A Mitt Romney victory, on the other hand, would leave investors with a lot of questions.
Romney has said he would remove Bernanke as Fed chairman if he wins the presidency. The former Massachusetts governor has also expressed a lack of enthusiasm for monetary stimulus, so the fate of quantitative easing would be left in doubt.
In addition, Romney has promised to rein in spending, and his policies have seemed to favor less central banking activity and less bond buying, which could begin to boost the yield in treasuries and eventually lead investors back into higher quality credit treasury bonds. Analysts aren't sure how long, though, a massive move like this would take.
Municipal bonds are another beast for investors to consider.
Right now, the ultra-appealing, tax-exempt munis are a safe haven for many investors, but negotiations about the fiscal cliff could bring about broad-based tax reform.
If Congress decides that it wants to eliminate the tax exemption on munis, investors would have far less incentive to invest in these bonds.
If Congress doesn't lift the tax exemption, or, say, politicians decide to allow for some exemptions to remain in place it could become an even more appealing investment if income taxes increase -- a case that one analyst said could happen under Obama.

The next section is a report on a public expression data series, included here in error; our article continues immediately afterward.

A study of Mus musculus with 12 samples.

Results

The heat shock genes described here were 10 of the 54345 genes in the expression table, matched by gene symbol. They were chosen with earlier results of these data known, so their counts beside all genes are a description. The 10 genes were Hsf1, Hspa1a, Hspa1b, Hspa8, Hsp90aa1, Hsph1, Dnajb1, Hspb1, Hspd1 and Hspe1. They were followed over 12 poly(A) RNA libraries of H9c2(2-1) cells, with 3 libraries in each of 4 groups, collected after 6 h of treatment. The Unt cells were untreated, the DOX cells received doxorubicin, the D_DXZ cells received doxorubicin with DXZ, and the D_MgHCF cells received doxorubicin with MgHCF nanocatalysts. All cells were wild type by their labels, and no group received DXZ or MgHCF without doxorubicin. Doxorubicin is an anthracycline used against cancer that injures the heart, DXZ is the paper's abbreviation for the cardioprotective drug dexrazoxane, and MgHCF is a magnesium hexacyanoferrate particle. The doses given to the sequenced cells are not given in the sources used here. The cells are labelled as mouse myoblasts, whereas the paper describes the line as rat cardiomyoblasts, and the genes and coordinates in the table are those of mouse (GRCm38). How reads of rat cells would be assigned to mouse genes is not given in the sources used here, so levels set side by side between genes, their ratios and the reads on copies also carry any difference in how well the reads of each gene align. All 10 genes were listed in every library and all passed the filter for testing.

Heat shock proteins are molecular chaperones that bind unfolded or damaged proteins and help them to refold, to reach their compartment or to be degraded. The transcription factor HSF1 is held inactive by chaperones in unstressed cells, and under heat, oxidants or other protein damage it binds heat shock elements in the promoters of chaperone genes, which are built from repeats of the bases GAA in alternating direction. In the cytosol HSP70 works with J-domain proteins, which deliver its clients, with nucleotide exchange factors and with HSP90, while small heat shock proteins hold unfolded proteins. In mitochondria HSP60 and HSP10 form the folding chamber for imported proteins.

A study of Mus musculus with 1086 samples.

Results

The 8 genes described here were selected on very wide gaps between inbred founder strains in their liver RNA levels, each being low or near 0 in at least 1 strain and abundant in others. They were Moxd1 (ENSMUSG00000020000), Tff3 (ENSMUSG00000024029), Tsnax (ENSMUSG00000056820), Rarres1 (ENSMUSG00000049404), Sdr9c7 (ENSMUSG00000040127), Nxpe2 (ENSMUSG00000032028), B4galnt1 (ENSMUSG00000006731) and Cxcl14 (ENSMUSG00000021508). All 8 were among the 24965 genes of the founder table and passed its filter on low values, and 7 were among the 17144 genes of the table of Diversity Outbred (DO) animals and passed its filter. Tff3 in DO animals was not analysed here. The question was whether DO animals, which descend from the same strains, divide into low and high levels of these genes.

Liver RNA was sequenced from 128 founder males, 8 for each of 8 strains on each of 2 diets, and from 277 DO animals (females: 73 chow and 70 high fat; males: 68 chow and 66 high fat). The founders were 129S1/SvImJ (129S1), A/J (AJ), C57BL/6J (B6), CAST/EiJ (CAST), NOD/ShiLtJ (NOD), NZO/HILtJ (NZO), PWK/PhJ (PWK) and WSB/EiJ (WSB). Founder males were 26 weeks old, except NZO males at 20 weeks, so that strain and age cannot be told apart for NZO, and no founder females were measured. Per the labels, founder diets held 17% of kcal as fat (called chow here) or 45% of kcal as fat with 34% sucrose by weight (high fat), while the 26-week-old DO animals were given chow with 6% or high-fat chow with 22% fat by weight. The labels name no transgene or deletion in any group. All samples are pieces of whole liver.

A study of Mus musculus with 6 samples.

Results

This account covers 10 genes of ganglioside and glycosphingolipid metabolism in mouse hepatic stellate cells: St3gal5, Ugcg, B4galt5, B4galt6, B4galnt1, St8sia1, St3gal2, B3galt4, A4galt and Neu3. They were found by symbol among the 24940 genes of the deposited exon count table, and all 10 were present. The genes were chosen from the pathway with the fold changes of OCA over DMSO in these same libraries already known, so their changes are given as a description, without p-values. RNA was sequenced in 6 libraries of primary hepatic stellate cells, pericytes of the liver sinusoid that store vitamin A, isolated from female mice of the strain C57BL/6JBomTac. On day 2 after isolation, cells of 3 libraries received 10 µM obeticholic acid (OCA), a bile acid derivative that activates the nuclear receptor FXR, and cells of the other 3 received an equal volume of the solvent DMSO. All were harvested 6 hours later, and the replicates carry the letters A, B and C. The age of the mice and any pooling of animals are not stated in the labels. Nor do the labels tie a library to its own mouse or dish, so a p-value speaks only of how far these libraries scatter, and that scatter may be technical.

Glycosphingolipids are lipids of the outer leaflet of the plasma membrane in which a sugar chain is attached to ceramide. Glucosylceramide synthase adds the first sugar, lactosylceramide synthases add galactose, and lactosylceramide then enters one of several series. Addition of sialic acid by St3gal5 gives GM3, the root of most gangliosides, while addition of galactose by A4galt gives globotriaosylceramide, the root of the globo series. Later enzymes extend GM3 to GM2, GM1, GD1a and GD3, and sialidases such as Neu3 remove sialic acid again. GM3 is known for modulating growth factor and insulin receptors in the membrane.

"If Obama gets reelected and the Bush tax cuts expire for the top wage earners then you're going to have top tax rates go higher, so higher income taxes are obviously a positive for the tax exempt market," said Susan Courtney, head of the Prudential fixed income's municipal bond team.
She also added that, if Congress decides to eliminate tax exemption on munis, another big question would be would some bonds would be grandfathered in for the exemption.
If so, lawmakers would have to determine a date for which bonds would be tax exempt and which bonds would not. In that case, the tax-exempt munis would become much more valuable to investors.
-- Written by Joe Deaux in New York.